Remy said it would pay 360 million euros in cash and issue 5.1 million shares, with a guaranteed minimum price of 30 euros, to finance the offer, which should be completed in November.

Founded in Amsterdam in 1575, Bols has a leading position in the Netherlands, Belgium, Poland and Greece and exports its drinks -- which include Greek favourite Metaxa, Bols Blue, Bols liqueurs and German brandy Asbach -- to 110 countries.


A Bols spokesman in the Netherlands said the deal was not a precursor to a bid for the Seagram activities although a Remy spokeswoman in Paris told Reuters the company was tempted by some individual Seagram brands that may be spun off.

The race to buy Seagram's drinks division has hotted up over the past week with Diageo, the world's largest liquor company, and French distiller Pernod Ricard teaming up to bid. Diageo rival Allied Domecq is the other main contender for a business valued at some $10-billion.

Both companies dwarf Remy, which has a market capitalisation of 1.45 billion euros based on a share price of 38 euros.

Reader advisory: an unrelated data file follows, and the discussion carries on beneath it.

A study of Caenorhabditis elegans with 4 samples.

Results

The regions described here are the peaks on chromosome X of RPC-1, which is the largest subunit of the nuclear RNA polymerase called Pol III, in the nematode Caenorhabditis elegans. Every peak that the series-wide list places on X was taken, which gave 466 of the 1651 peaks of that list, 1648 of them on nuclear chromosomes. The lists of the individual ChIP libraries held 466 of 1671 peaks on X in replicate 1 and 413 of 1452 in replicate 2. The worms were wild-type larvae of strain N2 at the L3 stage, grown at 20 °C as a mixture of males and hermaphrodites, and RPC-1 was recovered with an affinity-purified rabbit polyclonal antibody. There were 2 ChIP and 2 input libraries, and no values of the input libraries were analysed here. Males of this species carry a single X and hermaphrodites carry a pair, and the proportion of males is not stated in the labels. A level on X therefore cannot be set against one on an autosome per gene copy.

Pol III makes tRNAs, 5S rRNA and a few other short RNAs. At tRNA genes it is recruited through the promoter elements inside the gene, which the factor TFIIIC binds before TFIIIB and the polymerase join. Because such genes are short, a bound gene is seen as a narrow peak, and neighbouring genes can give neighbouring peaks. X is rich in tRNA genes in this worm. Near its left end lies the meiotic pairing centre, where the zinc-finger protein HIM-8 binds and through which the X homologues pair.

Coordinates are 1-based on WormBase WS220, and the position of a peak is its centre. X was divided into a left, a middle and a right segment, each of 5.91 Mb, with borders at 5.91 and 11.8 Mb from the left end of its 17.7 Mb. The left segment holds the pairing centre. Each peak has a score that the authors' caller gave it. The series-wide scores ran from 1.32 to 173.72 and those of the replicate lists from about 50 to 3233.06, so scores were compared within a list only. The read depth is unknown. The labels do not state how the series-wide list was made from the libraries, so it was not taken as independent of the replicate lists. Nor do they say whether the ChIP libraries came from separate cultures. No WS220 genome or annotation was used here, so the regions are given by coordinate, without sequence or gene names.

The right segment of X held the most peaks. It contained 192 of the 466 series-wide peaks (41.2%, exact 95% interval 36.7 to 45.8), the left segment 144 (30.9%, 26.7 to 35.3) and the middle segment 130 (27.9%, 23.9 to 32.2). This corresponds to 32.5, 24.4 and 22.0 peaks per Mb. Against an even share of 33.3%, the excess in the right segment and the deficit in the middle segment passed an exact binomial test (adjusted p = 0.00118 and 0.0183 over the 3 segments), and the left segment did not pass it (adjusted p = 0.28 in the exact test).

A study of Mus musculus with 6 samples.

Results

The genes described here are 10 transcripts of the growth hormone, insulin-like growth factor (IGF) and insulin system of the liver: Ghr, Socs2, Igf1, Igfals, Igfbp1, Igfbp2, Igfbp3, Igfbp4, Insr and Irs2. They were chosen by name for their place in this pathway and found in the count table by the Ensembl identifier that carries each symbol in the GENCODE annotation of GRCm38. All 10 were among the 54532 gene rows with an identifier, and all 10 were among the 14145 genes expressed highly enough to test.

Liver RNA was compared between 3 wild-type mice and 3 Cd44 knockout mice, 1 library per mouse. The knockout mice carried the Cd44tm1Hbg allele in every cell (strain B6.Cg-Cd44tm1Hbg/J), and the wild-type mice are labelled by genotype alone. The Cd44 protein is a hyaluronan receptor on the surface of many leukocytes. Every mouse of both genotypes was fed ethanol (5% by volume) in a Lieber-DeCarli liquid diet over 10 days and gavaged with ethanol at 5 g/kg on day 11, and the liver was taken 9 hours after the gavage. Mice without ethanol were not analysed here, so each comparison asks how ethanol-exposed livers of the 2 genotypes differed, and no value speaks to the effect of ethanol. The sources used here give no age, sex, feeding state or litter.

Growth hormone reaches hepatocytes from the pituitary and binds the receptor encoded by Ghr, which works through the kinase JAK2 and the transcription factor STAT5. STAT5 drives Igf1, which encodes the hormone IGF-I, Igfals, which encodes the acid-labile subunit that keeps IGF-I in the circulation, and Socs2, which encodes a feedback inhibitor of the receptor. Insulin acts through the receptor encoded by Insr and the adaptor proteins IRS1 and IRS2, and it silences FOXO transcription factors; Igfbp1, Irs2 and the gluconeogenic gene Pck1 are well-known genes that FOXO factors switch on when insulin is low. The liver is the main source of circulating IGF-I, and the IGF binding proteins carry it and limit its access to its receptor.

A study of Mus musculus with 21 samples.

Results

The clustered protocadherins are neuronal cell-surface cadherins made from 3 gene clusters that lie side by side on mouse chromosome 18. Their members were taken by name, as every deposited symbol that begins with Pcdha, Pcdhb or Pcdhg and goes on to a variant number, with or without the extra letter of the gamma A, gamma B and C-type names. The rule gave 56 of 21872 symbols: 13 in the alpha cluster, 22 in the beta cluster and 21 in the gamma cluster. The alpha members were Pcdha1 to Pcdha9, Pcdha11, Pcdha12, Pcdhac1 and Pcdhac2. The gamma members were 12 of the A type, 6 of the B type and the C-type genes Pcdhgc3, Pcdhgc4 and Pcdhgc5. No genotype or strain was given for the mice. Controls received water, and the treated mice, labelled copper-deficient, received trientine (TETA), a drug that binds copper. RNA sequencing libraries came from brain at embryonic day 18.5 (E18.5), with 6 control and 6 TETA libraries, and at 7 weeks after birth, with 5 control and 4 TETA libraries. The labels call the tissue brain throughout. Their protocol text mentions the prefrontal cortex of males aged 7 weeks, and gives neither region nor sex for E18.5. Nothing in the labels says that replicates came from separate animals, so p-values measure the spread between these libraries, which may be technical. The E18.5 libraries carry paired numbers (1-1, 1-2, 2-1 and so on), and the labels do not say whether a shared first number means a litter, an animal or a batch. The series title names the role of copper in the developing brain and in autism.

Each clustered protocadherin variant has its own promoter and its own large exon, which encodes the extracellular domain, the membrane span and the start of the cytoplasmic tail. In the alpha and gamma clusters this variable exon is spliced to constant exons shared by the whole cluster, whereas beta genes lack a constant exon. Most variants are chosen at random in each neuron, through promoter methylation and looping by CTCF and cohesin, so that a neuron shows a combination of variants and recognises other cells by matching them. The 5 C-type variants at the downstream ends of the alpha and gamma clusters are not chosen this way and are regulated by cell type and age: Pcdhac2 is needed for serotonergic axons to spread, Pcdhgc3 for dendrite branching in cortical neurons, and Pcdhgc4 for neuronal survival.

Some analysts said it was positive that current Bols owner CVC Capital Partners would end up with a nine percent stake in Remy -- famed for its eponymous orange-based liqueur -- as part of the deal. But others expressed concern about Remy's future debt levels.

"The market does not like an operation that would increase the company's debt or increase their capital," said a Paris-based analyst who declined to be named.

Remy President Dominique Heriard Dubreuil told Reuters in an interview that the deal would have a neutral impact on the company's gearing.


Remy said the buy would boost its central and eastern Europe exposure and give it a presence in white spirits, notably through its acquisition of Poland's second biggest vodka, Bols.

Wargny analyst Cedric Lauboutin said the price was roughly in line with going rates in the sector. Jean-Noel Vieille, analyst at Meschart-Rousselle, estimated Remy had paid roughly twice Bols' turnover and saw the news as positive.

"The arrival of a financial partner -- CVC Capital partners will hold nine per cent -- will probably give Remy Cointreau the financial means for a new acquisition," Mr. Vieille said.

Remy said the deal would boost earnings per share in its 2000-01 fiscal year, before accounting for synergies. The new group would have sales of over 1.1 billion euros and operating profit over 200 million euros.

Mr. Dubreuil put annual synergies related to the Bols purchase at over 10 million euros.